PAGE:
Should I buy a cheap MB for i5 2500?

plunger

Gawd
Joined
Jul 22, 2011
Messages
730
I'll have a spare i5 2500 cpu after my i7 2600k chip comes from the Intel Retail Edge deal.

I have some spare parts and only need a MB and PSU to complete a desktop build. I'll give it away for free to family members. But it will probably be their main system. I want it to be semi reliable because I don't want to drive over there to fix it all the time.

I seen some cheap 1155 MB on newegg starting at $50. With an under $50 PSU, I can have a full system after spending $100.

Should I spend a little extra and get a better MB or would one of these bottom of the barrel MB's be ok for basic computing task.

All of Newegg's 1155 MB:
http://www.newegg.com/Product/Produ...=100007627 600093976&IsNodeId=1&name=LGA 1155
 

Limp Gawd
Joined
Oct 30, 2008
Messages
202
Take pride in your work, especially if you're giving it to someone. A little more $$ on the board for that CPU. A sweet/cheap machine.
 

Forceman

[H]F Junkie
Joined
Aug 7, 2005
Messages
9,243
I don't know about $50, but something like the Asus P8Z68-V LE or LX would be a good match.
 

stealthy123

2[H]4U
Joined
Feb 4, 2005
Messages
3,149
plenty of bargain boards work for a long long time, just research the one you buy, and stick with a decent company with a proven track record of warranty support.

foxconn is a company to be avoided, imo, biostar is a decent company, as is ECS. I never had to return their products, but I never had one fail either.

Zotac is a decent brand I have read, but I have no experience with them.
 

aaaahi

Limp Gawd
Joined
May 4, 2005
Messages
363
Spend $30 more just to avoid the problem calls from the person you give it to.
 

stealthy123

2[H]4U
Joined
Feb 4, 2005
Messages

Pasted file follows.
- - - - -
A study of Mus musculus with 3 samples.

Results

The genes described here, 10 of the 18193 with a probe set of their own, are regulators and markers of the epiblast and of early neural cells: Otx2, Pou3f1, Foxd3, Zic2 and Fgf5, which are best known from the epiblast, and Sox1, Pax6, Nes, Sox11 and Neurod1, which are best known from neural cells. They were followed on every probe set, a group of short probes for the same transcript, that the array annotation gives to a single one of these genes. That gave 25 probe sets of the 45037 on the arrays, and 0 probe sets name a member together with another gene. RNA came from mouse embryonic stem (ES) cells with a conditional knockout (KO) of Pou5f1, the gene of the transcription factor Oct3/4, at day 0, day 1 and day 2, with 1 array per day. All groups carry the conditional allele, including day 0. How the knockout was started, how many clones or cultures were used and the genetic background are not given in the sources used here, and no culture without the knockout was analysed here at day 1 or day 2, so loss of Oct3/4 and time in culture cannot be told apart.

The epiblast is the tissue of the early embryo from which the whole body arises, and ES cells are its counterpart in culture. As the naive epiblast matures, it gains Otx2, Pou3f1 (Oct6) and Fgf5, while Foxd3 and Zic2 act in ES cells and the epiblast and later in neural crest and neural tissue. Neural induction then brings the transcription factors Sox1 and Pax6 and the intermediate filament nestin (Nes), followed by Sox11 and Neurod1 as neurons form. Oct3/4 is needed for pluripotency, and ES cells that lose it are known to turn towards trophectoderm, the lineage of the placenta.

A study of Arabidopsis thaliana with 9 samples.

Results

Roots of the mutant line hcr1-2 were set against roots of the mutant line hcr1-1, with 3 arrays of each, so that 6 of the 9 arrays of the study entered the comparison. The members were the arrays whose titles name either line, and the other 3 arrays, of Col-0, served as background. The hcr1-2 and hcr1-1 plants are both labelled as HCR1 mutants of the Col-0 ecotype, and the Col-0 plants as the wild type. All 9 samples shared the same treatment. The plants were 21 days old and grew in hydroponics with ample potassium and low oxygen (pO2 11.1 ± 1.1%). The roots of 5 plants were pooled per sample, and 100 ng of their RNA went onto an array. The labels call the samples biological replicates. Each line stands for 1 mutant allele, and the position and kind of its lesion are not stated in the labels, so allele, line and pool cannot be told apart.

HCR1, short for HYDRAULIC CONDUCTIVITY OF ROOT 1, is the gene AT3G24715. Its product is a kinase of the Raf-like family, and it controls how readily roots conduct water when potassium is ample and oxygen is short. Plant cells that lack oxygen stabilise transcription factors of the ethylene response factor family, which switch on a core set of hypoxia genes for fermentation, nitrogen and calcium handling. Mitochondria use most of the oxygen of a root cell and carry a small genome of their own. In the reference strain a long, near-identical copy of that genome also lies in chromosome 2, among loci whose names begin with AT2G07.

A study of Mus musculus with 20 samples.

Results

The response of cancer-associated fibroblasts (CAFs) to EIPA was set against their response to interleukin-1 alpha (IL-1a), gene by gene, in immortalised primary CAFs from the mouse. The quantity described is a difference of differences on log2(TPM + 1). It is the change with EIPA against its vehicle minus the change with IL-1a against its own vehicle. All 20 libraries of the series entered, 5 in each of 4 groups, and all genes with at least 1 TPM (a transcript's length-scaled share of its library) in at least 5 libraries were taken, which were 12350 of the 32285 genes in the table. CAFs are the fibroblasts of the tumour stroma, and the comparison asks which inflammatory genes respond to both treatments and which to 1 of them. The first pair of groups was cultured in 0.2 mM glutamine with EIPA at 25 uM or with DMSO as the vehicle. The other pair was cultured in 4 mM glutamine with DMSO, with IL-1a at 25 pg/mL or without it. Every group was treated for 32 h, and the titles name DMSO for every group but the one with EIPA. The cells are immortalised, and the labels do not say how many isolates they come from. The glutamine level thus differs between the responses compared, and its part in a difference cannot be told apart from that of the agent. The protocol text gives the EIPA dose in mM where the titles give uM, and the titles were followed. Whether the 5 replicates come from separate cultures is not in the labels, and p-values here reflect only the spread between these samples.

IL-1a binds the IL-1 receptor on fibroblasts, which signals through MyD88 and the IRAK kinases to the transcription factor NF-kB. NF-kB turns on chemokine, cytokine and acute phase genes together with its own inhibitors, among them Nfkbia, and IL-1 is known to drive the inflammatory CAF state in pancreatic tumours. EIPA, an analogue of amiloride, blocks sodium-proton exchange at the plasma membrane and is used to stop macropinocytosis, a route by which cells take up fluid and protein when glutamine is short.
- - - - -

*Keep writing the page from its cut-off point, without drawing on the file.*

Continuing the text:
3,149
again, there is no reason to assume failure rates are higher for a less expensive board. I have never seen anything to back that up.

Reputable manufacturer, that uses solid parts, and it should be fine.

It's not a matter of OMG you spent 50 dollars on a mobo, it's gonna break. If that were true there would be no market for 50 dollar mobos.
 

stealthy123

2[H]4U
Joined
Feb 4, 2005
Messages
3,149
consumers telling you that a more expensive board means a better board.

research it, you will see they don't speak experiences' voice.

I dont honestly care at this point, ignorance is rampant.
 

PGHammer

2[H]4U
Joined
Oct 8, 2002
Messages
3,315
I don't know about $50, but something like the Asus P8Z68-V LE or LX would be a good match.

Agreed on the LE/LX (I chose the LX for BridgeWalker).

Unless you are looking to do extreme (4.5 GHz+) overclocking of a Sandy/Ivy K, the LX will certainly hold up - I went with the LX because - both from everything I've seen and my experience with a bone-stock Q6600 running the same application/gaming mix I'll be throwing at BridgeWalker, going north of 4 GHz in terms of overclock would be both illy and rather [P]ointless - I'd be GPU-bottlenecked well before then - even with HD6850 or HD6870 - if not just plain *display*-bottlenecked (top resolution is 1920x1080 NI).

Neither SLI *or* CrossFireX is a major necessity - additional PCI (as opposed to PCIe) slots, however, are a must-have, as are slot de-confliction issues; that pair of items eliminated most mATX, and quite a few ATX, motherboards from consideration. (All too many higher-end mATX and ATX boards are targeting, understandably, the multi-GPU crowd - however, given the trend toward dual-slot and even some triple-slot GPUs, that puts usable PCI or PCIe slots at a premium. I have two solid PCI cards - the X-Fi XtremeGamer and ATI HDTV Wonder - that work just fine - I'd rather NOT be forced into replacing one or both if avoidable.) All three motherboards that made the finals - the BIOSTAR TZ68A+RCH, the Gigabyte GA-Z68XP-D3H-B3, and the LX that I eventually chose - allow for two PCI slots and a single PCIe x16 up to triple-slot GPU to be in use at once - without conflicts.